What happens when comedian Frank Caliendo comes face-to-face with celebrities he has incorporated into his act over the years? “Most of the time they’re not sure how to take it until you do the impression in front of them and they find out the kind of person you are,” said Caliendo.
Caliendo’s character work and impressions are well-known from his time on “MADtv” and Fox NFL Sunday. But nothing quite prepared him for John Madden, who he first met at a Super Bowl game.
“I had been doing an impression of him for eight or 10 years by that point, it was what I was known for mostly at the time,” Caliendo said. “Jimmy Johnson was standing next to him, and I was on the other side of Jimmy like, ‘Can you believe I’m this close to Madden?’ And Jimmy says, ‘What? You haven’t met him?’ He taps Madden on the shoulder and Madden turns and is like (growls Madden-like). He was with his grandkids and had this look on his face of pure terror. So I broke the ice with the kids and I’m like, ‘Hey, I’m the guy who talks like your grandfather. (Madden voice) ‘If you don’t finish your dinner, you don’t get any dessert!’
“The kids look at Madden. They look at me. Nothing. It was the longest 3 seconds in my life. And suddenly the kids start to crack up, and then it was like a light bulb went on in Madden’s head: ‘I get it now!’”
But when Caliendo was just starting out, most of his gigs were at college campuses. And one performance was memorably excruciating.
“I was performing at a small Penn State satellite school, and it was a lunchtime show in the dining hall. Remember, as a comedian you’re just talking at people and if they’re not paying attention, you’re in trouble.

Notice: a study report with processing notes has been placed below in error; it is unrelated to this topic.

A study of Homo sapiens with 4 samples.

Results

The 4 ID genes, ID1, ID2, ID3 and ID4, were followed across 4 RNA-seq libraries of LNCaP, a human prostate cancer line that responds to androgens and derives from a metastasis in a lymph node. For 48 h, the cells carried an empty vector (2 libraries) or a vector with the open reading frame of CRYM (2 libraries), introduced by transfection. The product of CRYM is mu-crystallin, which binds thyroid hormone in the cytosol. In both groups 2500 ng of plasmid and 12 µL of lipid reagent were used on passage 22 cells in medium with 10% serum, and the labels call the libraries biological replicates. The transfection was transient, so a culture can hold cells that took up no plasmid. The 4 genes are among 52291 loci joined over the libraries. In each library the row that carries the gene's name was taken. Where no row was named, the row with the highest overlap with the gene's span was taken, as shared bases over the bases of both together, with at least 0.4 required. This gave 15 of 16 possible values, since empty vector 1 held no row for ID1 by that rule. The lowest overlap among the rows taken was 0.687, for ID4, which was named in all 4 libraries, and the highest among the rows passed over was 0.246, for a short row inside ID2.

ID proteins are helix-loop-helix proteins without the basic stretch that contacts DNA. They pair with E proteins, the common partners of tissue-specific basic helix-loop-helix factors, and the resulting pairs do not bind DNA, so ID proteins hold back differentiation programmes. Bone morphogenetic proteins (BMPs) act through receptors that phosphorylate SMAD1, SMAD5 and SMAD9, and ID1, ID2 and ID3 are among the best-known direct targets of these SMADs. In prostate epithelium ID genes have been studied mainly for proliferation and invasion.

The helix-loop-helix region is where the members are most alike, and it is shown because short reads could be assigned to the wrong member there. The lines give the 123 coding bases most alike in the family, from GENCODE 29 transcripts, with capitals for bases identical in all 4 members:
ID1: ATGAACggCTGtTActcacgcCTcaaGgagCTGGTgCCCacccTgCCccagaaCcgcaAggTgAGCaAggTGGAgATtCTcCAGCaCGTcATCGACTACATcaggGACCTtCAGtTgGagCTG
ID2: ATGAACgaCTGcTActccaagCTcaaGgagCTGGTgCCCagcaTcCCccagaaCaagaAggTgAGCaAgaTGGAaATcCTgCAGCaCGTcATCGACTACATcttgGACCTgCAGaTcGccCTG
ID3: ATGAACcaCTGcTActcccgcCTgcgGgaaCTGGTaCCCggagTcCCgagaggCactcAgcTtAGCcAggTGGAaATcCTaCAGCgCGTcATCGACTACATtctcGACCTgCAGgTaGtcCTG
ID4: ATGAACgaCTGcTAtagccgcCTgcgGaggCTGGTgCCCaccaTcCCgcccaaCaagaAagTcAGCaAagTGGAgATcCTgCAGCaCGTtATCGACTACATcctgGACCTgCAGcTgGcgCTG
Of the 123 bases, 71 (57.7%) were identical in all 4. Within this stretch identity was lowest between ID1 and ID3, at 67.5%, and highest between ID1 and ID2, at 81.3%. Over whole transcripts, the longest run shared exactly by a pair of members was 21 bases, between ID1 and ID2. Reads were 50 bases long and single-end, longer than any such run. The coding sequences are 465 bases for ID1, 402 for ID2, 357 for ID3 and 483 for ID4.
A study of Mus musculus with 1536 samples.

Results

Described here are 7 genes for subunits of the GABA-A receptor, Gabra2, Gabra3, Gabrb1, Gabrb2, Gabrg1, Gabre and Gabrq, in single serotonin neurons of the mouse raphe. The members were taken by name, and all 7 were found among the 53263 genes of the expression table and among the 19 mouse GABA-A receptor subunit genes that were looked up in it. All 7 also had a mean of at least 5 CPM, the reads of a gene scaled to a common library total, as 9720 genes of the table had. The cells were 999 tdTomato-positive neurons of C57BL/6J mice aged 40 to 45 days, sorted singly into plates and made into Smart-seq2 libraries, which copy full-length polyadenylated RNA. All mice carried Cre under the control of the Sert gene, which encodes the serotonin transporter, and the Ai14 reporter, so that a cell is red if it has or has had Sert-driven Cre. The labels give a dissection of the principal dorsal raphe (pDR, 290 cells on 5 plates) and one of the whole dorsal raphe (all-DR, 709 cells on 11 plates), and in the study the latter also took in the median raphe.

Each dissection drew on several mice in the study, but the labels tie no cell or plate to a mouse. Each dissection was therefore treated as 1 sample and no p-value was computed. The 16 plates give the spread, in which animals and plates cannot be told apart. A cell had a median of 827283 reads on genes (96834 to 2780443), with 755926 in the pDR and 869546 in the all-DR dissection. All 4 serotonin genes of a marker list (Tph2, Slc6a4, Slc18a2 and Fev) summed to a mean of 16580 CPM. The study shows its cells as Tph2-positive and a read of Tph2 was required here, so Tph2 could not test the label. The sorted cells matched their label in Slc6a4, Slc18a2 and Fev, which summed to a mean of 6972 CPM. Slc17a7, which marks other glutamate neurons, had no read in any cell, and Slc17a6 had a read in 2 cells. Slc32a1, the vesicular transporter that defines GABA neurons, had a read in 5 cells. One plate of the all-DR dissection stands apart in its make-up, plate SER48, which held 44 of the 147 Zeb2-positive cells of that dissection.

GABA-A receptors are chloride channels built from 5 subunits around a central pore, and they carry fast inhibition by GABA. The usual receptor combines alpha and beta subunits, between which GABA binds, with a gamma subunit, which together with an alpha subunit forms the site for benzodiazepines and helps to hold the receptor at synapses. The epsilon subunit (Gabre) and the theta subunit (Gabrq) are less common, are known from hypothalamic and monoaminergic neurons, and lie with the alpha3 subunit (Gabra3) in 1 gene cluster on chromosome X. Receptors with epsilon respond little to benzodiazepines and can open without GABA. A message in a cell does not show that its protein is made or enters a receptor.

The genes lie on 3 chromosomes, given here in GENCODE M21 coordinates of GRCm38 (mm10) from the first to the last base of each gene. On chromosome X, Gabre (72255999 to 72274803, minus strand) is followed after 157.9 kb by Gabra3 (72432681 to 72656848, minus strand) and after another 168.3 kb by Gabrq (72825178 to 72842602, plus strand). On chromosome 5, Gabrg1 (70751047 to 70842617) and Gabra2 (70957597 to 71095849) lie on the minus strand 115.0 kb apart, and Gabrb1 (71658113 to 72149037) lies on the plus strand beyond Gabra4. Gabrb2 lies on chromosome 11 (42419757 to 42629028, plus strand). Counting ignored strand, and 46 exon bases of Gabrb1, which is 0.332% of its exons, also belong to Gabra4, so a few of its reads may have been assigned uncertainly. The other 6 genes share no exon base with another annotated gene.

“Well, I get there and they have a TV on and it’s got ‘SportsCenter’ playing and they’re like, ‘We’ll turn the TV off and move it; you’re performing in the middle of the lunchroom.’ And I’m like, ‘People are watching ESPN right now! This is going to be awful!’ So they turn the TV off, everyone boos and then I’m introduced: ‘Please welcome Frank Cadendo’ or something like that; they got my name wrong.
“I go up there, and I’m just tanking it and I can hear them calling out the lunch orders: ‘No. 53, your grilled cheese is ready.’
“I’m trying to do the John Madden impression, and nobody’s paying attention. I think everyone is just embarrassed for me. I remember a girl in the front row looked at me and goes, ‘Talk about having gas or something!’ And I’m like, ‘That’s not what I do! You want to get up here and talk about that?’
“I just went down in flames, and after that I called my agent and said, ‘No more lunch shows!’ Early in your career you’re more of an attraction, you know? Not a specific attraction – you’re an attraction, not the attraction.”
“I learned to have a show ‘advanced,’ which means I find out what’s going on before I get there. At the time I was the kind of person to just show up and say, ‘Oh, I’ll deal with whatever happens.’
“I didn’t understand the business of it. But think about it, if someone is going to pay all this money, you want a show that’s going to give you what you’re asking for. Working outside is way tougher than inside because there are so many distractions – a plane, a helicopter, birds. Wind, even. So you try to make sure it’s inside. And if not inside, then try to make sure it’s in a tent and that there’s no surrounding noise.
“That’s when I decided I needed to start getting more information ahead of time ... but as a performer, you have to go and do it. And at colleges, you never know what’s going to happen.”